The Prime Minister described it as a “mutant algorithm”.
Social commentators were naturally outraged as it disproportionately upgraded the results of children from private schools, while downgrading those from state schools, especially in the poorest areas.
Few people actually understood how it worked, as the technical report from the UK Office for Qualifications (Ofqual) purporting to explain the algorithm ran to 319 pages.
In the end, the results of the government’s attempt to recalibrate exam grades with a computer were clear enough. It failed to adjust for biases that the developers didn’t consider, and almost 40 per cent of students had their teacher-awarded grades adjusted down.
In the face of public outcry, the government decided to junk the algorithm altogether and revert to teachers’ grades, opening up the undesirable prospect of significant grade inflation, as well as budget chaos at universities.
How did we get here, and what can we learn?
After the exams were cancelled, Ofqual was confronted with two fundamental challenges. The first was to avoid grade inflation and standardise the scores; the second was to assess students as accurately as possible so that university admissions could proceed in as fair a manner as possible.
Unfortunately, the collective decision was made to prioritise standardisation, instead of focusing on the ultimate purpose of the exams system, ensuring that university places are allocated on the basis of universal merit.
Once standardisation was made the ultimate goal, the logical step was for the regulator to come up with a statistical model to predict a distribution of entrance-exam scores for 2020 that would match the distribution from last year.
What would ensue was only ever going to be unfair to individuals on a national scale.
So what went wrong? To use philosophical terminology, the algorithm had a fundamental category mistake built into it.
It treated the efforts, abilities, and corresponding hopes and expectations of millions of young people as inputs that could not only be quantified but also qualified across an arbitrary set of figures and functions.
Considered more scientifically, the algorithm failed to attribute the right factor weightings and added an arbitrary weighting for class size.
The specifics of how it worked are rather involved, or they would not have required a 319 page explanation, but there were three key inputs.
Firstly, Centre Assessment Grades (CAGs). That is to say, what grade the teachers expected each of the children to get.
Secondly, a weighting within that grade for how sure the teacher was that the child would attain that grade.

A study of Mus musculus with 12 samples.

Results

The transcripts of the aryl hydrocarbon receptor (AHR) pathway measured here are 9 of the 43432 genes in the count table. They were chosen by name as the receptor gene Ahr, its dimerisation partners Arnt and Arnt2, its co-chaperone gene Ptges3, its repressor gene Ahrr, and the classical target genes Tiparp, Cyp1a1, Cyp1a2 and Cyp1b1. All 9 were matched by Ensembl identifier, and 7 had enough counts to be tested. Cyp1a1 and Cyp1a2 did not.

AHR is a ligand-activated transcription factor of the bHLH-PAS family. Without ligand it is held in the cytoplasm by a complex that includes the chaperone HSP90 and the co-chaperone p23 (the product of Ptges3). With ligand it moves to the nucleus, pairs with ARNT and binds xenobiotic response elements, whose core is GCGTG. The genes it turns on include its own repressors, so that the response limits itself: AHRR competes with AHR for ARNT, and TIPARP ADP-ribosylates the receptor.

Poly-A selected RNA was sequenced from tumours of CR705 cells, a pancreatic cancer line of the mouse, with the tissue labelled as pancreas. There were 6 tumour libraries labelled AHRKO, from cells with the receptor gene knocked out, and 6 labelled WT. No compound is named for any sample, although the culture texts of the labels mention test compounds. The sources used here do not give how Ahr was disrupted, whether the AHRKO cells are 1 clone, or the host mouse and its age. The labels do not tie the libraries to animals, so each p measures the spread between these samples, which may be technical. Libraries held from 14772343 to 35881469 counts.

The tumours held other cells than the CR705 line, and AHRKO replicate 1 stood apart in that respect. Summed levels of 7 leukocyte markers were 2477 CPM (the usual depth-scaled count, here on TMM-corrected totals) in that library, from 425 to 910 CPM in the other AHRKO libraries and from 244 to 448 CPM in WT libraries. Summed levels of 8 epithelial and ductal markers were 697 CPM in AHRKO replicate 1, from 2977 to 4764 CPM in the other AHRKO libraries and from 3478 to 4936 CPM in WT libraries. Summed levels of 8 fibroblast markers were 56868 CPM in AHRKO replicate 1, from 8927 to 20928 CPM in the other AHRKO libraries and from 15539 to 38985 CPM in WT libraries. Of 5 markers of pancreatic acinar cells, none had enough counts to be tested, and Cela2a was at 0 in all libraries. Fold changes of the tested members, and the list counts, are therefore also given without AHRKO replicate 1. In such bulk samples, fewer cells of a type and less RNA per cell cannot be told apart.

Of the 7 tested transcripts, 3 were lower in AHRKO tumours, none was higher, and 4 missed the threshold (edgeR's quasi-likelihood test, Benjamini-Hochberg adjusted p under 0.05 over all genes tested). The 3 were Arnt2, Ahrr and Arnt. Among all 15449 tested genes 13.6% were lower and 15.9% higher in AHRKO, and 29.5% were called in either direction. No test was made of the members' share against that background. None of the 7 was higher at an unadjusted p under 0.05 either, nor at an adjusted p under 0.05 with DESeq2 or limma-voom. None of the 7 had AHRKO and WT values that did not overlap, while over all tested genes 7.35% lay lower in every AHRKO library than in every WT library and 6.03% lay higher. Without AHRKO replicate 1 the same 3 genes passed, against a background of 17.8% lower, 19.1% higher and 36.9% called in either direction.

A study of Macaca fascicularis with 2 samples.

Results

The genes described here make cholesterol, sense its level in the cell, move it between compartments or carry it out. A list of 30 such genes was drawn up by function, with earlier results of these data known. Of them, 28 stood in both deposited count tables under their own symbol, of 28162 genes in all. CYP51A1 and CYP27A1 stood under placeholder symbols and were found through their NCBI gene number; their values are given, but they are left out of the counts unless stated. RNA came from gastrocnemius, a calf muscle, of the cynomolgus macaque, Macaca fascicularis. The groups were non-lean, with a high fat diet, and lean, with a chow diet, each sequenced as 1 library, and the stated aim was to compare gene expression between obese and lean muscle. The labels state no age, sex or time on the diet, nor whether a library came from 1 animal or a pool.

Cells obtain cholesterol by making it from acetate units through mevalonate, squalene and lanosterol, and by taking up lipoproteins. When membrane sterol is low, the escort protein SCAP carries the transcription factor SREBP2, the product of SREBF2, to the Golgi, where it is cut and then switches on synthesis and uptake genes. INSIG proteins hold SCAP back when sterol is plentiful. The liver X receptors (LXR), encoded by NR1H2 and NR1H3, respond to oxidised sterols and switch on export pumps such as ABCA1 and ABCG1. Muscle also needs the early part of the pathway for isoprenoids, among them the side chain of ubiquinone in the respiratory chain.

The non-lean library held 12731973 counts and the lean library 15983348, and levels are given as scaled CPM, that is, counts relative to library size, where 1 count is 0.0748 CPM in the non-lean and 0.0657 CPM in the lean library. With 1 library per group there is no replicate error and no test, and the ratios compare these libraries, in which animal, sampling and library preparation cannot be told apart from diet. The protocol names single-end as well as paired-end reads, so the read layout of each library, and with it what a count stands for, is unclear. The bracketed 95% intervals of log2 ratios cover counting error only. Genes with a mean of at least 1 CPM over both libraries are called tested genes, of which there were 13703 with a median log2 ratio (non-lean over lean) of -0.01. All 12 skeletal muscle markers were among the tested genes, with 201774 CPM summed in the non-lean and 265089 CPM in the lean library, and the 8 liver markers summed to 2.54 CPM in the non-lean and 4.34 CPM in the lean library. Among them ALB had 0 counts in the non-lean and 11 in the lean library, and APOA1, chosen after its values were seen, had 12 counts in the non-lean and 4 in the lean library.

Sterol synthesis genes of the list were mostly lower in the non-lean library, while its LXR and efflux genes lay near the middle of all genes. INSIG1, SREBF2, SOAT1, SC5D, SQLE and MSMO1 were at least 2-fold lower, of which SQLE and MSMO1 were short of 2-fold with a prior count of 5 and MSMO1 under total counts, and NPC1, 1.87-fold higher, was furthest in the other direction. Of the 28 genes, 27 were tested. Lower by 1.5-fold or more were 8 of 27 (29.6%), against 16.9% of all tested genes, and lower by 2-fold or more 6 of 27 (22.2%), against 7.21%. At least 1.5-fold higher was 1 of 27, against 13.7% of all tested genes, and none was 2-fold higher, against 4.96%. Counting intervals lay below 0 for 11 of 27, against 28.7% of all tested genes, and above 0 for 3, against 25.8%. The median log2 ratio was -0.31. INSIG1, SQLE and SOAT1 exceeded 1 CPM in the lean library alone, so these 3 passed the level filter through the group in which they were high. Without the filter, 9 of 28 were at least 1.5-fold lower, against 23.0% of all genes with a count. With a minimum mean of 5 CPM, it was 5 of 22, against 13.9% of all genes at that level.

Finally, a factor to adjust for teacher bias by fitting all grades to the weighting of grades that other children in the same school attained in the previous three years.
Different rules were applied within the algorithm for different class sizes. For classes of five or fewer children, they were simply awarded their CAGs. For classes of between five and fifteen children, the CAGs got some weight, as did the historical performance of other children in that school. For classes of over fifteen children, the CAGs had no impact.
The inevitable outcome was that children in private schools, which almost always have much smaller class sizes, benefited greatly.
The CAGs were set by teachers to higher than realistic levels to maintain the schools’ reputations and those grades were either given or weighted into the final grade.
Conversely, clever children in under-performing state schools were effectively awarded the highest mark of their predecessors, being the cleverer children in previous years.
So plenty of children who would have been awarded A* results, but came from schools which had a history of getting lower grades, were given lower grades.
The government ultimately did a u-turn two days after announcing that they would not change their plan from the patchwork of solutions that briefly followed the algorithm.
The new plan is simply to rely on CAGs for each child’s final grade. This may seem fairer in many cases, but it leads to inevitable grade inflation and some positive bias for children who are considered nicer.
Having spent my school years being more intelligent than amiable, I am sure that I would have been materially disadvantaged by my irate teachers having the final word on my grades.
But why didn’t they just do this to start with?
The government didn’t want to go down this road because of universities.
The Department for Education lifted the cap on university places at the same time as announcing that CAGs would be the new grades. This just pushes the already under-funded universities to make harder decisions in a system with universally higher grades.
In a report published last week by the Oxford Internet Institute, researchers found that one of the most common traps organisations fall into when implementing algorithms is the belief that they will fix extremely complex structural issues.
Educational attainment is unquestionably a complex structural issue. While it might be possible to develop useful algorithms to help on an individual basis, for example with students with learning difficulties, who do not lack intelligence or ability but simply fare poorly with traditional testing methods, using algorithms to blanket mark a whole generation of young people was always going to end badly.
We mustn’t blame algorithms per se, but simply the context in which they are used and the erroneous weightings they often involve.
Recognising this going forward should reduce the risk of future mutants.
Nick Maughan founded education charity the Nick Maughan Foundation.